Contemporary problems and possibilities of social critique

Symposium, 23-25th of February, 2018, at University of Copenhagen, Centre for Health and Society.

Organized by Nordic Summer University (NSU) and Centre for Anthropological, Political and Social Theory (CAPS).

Keynote, Friday Feb 23 @ 1.15pm: Professor Martin Saar, Goethe University, Frankfurt/M.

Professor Saar is the new “critical theory professor chair“ in philosophy at Goethe University, succeeding prominent theorists such as Max Horkheimer, Jürgen Habermas and Axel Honneth. His most important books are Die Immanenz der Macht. Politische Theorie nach Spinoza (2013) and Genealogie als Kritik. Geschichte und Theorie des Subjekts nach Nietzsche und Foucault (2007). For an introduction to his contributions to critical theory, see also Spinoza and the Political ImaginaryQui Parle Vol. 23, No. 2 (Spring/Summer 2015).

The current growth and coming to power of populist movements in different parts of the world has severely changed the possibilities of making effective social critique. The influence of populist movements in the United States, challenges the possibilities of social critique in fields such as climate, migration and the well-fare state. In other places in the world, populist movements have made it difficult – like in the Philippines and in Burma – to critique public murders and loss of citizen’s rights. In Europe, nationalist and in some cases regionalist movements questions the national state as a democratic arena for all.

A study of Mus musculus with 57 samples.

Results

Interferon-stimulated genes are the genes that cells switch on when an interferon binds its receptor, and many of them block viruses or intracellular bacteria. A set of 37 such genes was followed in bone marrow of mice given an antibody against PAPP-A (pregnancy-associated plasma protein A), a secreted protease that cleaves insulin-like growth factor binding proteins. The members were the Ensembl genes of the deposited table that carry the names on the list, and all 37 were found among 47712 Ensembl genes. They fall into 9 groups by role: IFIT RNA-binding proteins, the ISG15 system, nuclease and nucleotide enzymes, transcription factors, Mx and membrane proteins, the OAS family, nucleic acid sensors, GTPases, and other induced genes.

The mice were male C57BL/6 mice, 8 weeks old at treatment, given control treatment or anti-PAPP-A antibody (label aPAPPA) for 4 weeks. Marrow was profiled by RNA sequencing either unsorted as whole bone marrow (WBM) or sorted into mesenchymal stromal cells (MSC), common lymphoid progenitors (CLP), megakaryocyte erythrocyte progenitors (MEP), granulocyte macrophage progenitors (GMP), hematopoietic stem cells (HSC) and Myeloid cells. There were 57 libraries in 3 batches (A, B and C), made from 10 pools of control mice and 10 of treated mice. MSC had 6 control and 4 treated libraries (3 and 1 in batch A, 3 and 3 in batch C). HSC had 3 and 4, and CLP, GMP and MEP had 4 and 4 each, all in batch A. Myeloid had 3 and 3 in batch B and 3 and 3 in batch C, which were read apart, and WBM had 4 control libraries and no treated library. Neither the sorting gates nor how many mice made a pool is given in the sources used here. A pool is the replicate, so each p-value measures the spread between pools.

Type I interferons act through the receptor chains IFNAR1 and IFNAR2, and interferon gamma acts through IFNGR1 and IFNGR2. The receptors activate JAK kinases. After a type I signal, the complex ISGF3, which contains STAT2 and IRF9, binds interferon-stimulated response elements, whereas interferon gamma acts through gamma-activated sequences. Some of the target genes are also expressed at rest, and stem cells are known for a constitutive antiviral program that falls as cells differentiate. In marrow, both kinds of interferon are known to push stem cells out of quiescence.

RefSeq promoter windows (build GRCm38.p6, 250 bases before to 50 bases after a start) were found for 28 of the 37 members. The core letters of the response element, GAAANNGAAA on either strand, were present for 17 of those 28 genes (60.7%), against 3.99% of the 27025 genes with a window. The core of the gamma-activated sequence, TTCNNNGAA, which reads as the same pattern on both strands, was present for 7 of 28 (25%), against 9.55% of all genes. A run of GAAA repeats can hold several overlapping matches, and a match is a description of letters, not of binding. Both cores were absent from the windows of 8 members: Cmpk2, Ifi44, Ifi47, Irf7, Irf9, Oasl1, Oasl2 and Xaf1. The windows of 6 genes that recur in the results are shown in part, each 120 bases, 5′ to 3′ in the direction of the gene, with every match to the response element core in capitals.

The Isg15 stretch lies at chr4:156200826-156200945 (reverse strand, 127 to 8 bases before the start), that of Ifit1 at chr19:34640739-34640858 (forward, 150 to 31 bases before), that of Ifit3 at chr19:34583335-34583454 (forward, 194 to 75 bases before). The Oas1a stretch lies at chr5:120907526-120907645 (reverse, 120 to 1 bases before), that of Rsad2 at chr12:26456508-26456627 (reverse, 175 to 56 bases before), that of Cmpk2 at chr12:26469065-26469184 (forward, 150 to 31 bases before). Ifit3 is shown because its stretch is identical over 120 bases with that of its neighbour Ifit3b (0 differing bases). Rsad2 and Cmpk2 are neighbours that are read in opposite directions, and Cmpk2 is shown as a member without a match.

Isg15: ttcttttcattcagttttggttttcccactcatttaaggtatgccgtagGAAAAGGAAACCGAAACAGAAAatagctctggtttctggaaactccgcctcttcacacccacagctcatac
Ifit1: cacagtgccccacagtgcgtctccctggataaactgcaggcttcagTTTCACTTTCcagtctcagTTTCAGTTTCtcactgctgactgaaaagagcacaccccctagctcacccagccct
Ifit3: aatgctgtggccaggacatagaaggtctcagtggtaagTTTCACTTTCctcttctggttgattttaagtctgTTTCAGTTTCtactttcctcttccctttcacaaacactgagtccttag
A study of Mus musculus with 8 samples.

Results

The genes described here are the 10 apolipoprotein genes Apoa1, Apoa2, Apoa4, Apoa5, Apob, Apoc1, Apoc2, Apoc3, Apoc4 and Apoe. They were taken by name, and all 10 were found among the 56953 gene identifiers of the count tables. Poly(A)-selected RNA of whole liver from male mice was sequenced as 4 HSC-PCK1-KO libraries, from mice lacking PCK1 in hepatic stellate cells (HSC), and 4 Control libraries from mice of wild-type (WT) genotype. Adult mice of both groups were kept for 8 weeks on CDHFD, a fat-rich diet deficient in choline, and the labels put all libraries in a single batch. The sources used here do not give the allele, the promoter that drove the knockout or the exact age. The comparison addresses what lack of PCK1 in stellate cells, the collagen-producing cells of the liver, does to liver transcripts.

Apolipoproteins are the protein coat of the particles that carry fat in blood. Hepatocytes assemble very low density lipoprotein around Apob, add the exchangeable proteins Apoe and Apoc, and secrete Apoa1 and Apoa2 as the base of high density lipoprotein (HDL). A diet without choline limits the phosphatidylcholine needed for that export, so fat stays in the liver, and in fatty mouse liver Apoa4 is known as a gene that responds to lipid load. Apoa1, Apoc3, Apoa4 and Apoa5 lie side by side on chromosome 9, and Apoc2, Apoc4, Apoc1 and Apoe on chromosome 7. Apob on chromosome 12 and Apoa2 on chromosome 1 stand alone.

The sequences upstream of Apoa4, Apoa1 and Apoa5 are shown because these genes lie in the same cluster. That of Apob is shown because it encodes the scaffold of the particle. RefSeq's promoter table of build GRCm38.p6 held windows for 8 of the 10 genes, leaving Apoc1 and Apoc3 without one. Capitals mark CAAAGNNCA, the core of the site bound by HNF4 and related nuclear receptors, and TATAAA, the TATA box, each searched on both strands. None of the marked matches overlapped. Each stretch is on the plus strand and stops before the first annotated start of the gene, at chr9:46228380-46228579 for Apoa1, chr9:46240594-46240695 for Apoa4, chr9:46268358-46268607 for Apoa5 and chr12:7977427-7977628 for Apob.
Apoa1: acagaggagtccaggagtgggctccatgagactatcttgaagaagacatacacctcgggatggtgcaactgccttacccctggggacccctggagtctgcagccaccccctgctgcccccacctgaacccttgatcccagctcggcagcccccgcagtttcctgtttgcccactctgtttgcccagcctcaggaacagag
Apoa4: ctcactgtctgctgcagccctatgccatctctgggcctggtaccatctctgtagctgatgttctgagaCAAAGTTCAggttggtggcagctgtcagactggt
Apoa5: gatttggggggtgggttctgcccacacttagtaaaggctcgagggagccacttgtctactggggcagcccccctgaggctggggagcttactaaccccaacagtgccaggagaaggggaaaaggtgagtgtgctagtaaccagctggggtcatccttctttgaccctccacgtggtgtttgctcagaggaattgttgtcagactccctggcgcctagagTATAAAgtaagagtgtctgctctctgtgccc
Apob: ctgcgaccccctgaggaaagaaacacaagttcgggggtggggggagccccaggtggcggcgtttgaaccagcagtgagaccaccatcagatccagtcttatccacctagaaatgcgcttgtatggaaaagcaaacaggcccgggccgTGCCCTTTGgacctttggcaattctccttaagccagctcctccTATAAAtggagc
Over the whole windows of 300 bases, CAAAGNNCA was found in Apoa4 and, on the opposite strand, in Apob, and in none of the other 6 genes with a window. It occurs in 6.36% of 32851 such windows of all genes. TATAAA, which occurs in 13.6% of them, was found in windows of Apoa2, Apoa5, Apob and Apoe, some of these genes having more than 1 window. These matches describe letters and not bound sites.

This is pared by a less visible but strong re-shift of resources and ideas towards technical solutions – rather than ideological or idea-based - to societies problems and in increasingly condensed ownership of news-papers and media outlets. As opposed to these tendencies, and often based on new media and communication solutions, some populist movements have also induced alternative ways of organizing politically, thus in itself becoming a critical actor towards institutionalized democracy and political elites. Examples of this can be found in movements such as the Occupy movement, or the Movimiento 11-M in Spain.

All of these parallel and interconnected developments have created a situation in which societal critique needs to re-invent itself in order to be effective. Yet, we seem to lack a comprehensive description of problems and possibilities within different political areas. Furhtermore, we ask if there is anything that could be learnt from populist movements?

The problems confronting societal critique will vary between issues and geographies, as will possible solutions. We call researchers from any field engaged with identifying problems concerning social critique, as well as with proposing solutions, to submit proposals. The symposium is open to graduate students as well as postgraduates. We encourage theoretical proposals as well as practitioner perspectives!

Abstracts should not exceed 500 words, and be submitted to no later than November 15th.